I glanced at Slashdot yesterday while bored and found an interesting article on the CDE packaging tool. An impressive piece of work, CDE automatically packages up all of your dependencies into a self-contained directory structure. If I wanted to package up Dungeons of Dredmor and to be able to guarantee that it would work on your computer, all I would have to do is to run CDE on my computer, where I know Dredmor works, and sha-zam! Instant package.
This is something I have been fretting about: how do we distribute Dredmor for Linux?
Never mind figuring out where to sell it, how do we even package up a binary that will work on everybody’s computers? CDE gives a good estimate for just how much stuff you need to pack with your binary in order to guarantee that it will work. Look at the “hello world” example in the video cast. That’s a *lot* of touched files – not atypical, but certainly enough that I wouldn’t want to have to go through the trial-and-error process needed to figure out what I needed to pack into my MojoSetup redistributable. I can’t trust CDE to do the work, either – CDE isn’t very careful about making sure that it doesn’t include anything in its package which would violate the GPL, so there’s a chance that a GPL’ed library could sneak its way into a redistributable package. For games using OpenGL, I would be very worried about CDE getting the bright idea to start including chunks of DRI, or proprietary GL drivers, in its redistributable as well. Ugh.
Still, you know what? It’s a nice idea, and it gives me some indication of what I will have to do in order to make sure that a Linux Dredmor binary runs everywhere.
The comments on Slashdot, however, are pretty sad and predictable. The Linux community, in their infinite wisdom, proceeds to flame the hell out of CDE. Most of their objections are tangentially related to the objections that have already been aired for, say, the FatELF project which aimed to add support to Linux for Universal Binaries. As with FatELF, everybody’s solution is the same: “We should all just be using package management.”
Here is what I want to say, and let my words be carried down from the mountaintops, written on tiny stone tablets:
Package management is not a universal panacea.
Package management does not guarantee that I can take my game, package it, sell it, and guarantee that the resulting binary will execute on your computer, my computer, and Derek’s computer, running Fedora, Slackware, and Ubuntu respectively. Package management isn’t standard across distributions, and package management is not an acceptable installation tool for commercial, closed-source software produced by independent software vendors. Package management doesn’t work on distributions that don’t exist yet – back when I started in the Linux biz, Ubuntu didn’t exist yet.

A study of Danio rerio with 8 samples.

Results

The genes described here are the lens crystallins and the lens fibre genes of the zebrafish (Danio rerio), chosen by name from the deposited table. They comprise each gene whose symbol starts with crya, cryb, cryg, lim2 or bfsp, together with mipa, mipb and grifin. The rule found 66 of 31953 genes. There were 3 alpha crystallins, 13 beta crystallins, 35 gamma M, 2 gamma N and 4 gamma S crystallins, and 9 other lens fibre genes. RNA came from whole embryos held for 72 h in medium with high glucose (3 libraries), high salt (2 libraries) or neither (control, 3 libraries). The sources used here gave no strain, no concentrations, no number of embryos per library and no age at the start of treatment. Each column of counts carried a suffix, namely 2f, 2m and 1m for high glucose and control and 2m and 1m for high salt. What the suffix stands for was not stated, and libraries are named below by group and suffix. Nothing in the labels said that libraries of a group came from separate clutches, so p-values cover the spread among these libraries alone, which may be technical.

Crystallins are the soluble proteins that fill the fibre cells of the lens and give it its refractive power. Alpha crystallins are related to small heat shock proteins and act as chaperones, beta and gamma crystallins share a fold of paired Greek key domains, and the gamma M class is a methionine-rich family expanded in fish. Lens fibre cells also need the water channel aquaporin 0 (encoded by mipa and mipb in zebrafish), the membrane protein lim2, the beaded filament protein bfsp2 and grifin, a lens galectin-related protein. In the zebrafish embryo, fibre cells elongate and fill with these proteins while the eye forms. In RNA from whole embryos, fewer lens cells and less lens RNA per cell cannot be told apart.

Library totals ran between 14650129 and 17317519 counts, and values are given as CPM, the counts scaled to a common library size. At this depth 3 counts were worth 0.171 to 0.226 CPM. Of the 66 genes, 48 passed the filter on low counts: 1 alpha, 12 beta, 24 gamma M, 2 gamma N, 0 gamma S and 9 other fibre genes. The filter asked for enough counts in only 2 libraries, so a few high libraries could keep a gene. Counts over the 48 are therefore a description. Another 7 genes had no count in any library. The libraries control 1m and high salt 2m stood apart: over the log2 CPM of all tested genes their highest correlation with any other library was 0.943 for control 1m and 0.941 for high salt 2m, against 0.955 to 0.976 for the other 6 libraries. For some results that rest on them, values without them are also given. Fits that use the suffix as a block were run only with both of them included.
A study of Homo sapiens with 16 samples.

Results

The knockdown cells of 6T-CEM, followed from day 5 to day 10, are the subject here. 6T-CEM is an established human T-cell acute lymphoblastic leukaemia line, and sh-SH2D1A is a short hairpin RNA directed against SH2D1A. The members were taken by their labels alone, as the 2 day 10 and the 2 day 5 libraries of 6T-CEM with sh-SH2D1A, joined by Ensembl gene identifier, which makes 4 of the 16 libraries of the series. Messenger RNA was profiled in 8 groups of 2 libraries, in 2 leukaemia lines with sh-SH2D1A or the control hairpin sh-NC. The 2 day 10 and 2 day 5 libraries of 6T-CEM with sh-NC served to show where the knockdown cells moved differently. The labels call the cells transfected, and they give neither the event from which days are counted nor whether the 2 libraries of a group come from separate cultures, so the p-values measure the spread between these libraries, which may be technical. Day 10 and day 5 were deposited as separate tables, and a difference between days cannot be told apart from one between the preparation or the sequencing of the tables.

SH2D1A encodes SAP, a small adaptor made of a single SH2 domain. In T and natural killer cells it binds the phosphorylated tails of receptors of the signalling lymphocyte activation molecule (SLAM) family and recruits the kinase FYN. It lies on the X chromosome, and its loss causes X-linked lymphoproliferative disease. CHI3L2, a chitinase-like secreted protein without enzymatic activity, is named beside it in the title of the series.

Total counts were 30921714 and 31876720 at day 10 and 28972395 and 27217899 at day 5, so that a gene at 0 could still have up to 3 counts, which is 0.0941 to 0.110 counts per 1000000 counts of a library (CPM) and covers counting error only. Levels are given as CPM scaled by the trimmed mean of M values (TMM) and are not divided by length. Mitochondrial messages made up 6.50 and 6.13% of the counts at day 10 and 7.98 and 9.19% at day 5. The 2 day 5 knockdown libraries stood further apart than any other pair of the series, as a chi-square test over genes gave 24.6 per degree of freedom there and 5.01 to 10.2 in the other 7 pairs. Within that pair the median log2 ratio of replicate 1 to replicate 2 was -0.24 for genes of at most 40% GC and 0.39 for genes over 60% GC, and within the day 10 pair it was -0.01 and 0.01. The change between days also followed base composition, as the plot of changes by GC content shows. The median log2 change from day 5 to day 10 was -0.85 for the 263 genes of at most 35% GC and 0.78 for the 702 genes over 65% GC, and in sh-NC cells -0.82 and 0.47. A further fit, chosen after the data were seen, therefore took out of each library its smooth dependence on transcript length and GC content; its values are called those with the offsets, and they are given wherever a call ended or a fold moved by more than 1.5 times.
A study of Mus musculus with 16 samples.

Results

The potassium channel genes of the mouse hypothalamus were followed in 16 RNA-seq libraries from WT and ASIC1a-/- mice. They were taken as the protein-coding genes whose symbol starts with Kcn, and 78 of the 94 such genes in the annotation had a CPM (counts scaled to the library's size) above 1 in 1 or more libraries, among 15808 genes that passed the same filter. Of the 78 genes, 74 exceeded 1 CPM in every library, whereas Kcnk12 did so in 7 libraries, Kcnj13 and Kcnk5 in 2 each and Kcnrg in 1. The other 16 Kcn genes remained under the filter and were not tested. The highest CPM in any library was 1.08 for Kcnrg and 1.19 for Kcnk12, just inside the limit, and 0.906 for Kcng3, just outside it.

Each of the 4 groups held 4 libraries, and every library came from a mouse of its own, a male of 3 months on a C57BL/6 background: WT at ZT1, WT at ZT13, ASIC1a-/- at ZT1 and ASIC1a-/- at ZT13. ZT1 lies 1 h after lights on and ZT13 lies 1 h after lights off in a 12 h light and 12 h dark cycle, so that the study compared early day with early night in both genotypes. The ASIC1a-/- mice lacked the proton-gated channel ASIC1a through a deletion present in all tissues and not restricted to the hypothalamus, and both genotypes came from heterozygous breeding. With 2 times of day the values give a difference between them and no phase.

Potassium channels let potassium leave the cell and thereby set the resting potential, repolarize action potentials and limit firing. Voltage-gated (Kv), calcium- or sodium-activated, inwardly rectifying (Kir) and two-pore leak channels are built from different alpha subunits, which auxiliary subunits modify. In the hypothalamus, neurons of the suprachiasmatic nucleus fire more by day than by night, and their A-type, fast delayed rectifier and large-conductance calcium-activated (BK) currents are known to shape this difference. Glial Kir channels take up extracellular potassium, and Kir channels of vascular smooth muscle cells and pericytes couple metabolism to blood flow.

Closed source software exists. ISVs exist. Games are going to continue to be closed-source for all of their lifespan, or at least until their creators feel that they’ve shipped enough units to justify open sourcing it. Get used to it.
What is worse is that there is no *standard* way that I can build a game, as a binary, and guarantee that the resulting binary will work across all distributions. The best case scenario is that I include shared libraries for everything, target a “close enough” version of libc, write a shell-script that munges the library loading path, and then hope and pray. As a consequence, most Loki games no longer run on modern Linux distributions. (Conversely, I can build Dredmor on my Windows 7 machine and the resulting binary runs on Windows 95, 98, 2000, XP, Vista, and 7.)
I am not saying CDE is a solution. Of course it’s not. Arguably, FatELF may not have been a solution either; I’m sure some of the objections raised on the LKML and other places were perfectly reasonable, and I’m also sure that most of them could have been worked around through reasoned discussion and technical debate. Both of these projects are starting points for coming up with a solution, and every time anybody – usually somebody *outside* of the mainstream community of users, like Ryan or Philip – tries to make my life easier, I get to watch as the Linux community demonstrates that it is totally uninterested in providing ISVs with a mechanism that will let them install software, across distributions and across systems, and which will guarantee that the resulting binary will work. At the same time, everyone likes to complain about how no commercial game developers want to support Linux… and then wonder why Windows continues to dominate on the desktop.
I have supported Linux game development for ten years, and I will continue to support Linux game development at Gaslamp. That said, some days it’s sure not easy.